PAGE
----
100 Books That Defined the Decade
For good, for bad, for ugly.
N. K. Jemisin, The Broken Earth Trilogy (2015-2017)
When we say “the world has ended,” it’s usually a lie, because the planet is just fine. But this is the way the world ends. This is the way the world ends. This is the way the world ends. For the last time.
Essential stats: All three novels in Jemisin’s trilogy (The Fifth Season, The Obelisk Gate and The Stone Sky) won Hugo awards for Best Novel (the Hugo being the most prestigious award in science fiction, of course). When The Fifth Season won in 2016, it made Jemisin the first black writer to win the award in that category. (Which is absurd, but there it is.) She is also the only writer to have won the Hugo for Best Novel in three consecutive years.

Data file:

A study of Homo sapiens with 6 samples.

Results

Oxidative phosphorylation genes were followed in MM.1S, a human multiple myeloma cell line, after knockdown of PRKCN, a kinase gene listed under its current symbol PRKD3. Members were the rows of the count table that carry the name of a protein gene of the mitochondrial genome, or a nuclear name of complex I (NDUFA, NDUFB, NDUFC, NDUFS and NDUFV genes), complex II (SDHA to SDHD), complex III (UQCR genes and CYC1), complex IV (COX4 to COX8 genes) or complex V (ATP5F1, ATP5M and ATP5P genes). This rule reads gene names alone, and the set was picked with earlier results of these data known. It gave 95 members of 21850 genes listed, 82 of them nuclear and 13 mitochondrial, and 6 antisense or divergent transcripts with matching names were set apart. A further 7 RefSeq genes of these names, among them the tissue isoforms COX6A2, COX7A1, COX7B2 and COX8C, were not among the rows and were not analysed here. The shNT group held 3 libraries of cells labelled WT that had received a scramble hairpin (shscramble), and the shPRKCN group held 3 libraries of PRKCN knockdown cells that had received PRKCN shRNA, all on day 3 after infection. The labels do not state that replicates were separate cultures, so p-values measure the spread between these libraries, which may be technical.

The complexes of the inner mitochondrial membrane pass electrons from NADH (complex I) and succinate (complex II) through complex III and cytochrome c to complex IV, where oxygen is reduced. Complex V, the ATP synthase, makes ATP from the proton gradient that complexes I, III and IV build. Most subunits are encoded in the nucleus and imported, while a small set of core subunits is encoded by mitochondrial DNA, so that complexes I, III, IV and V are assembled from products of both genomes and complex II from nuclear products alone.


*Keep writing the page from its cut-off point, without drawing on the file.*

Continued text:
What did the critics say? For the most part, they knew what they were looking at: a new classic of the genre. In the Verge, Andrew Liptak wrote:
Every now and again there comes a work that seeks to redefine the face of genre literature, from Ursula K. Le Guin’s The Left Hand of Darkness to William Gibson’s Neuromancer. With the Broken Earth trilogy, Jemisin has made a place for herself among these greats, pulling off a landmark story that blends fantasy, science fiction, and post-apocalyptic tropes. Finishing The Stone Sky left me utterly breathless by the scale and scope of what Jemisin accomplished in these three books—narratively, technically, and thematically.
In a nutshell: I think this is the contemporary series is the most likely to still be on required reading lists in 50 years—if the world hasn’t actually ended by then, of course.
And of course: they’re making a television show.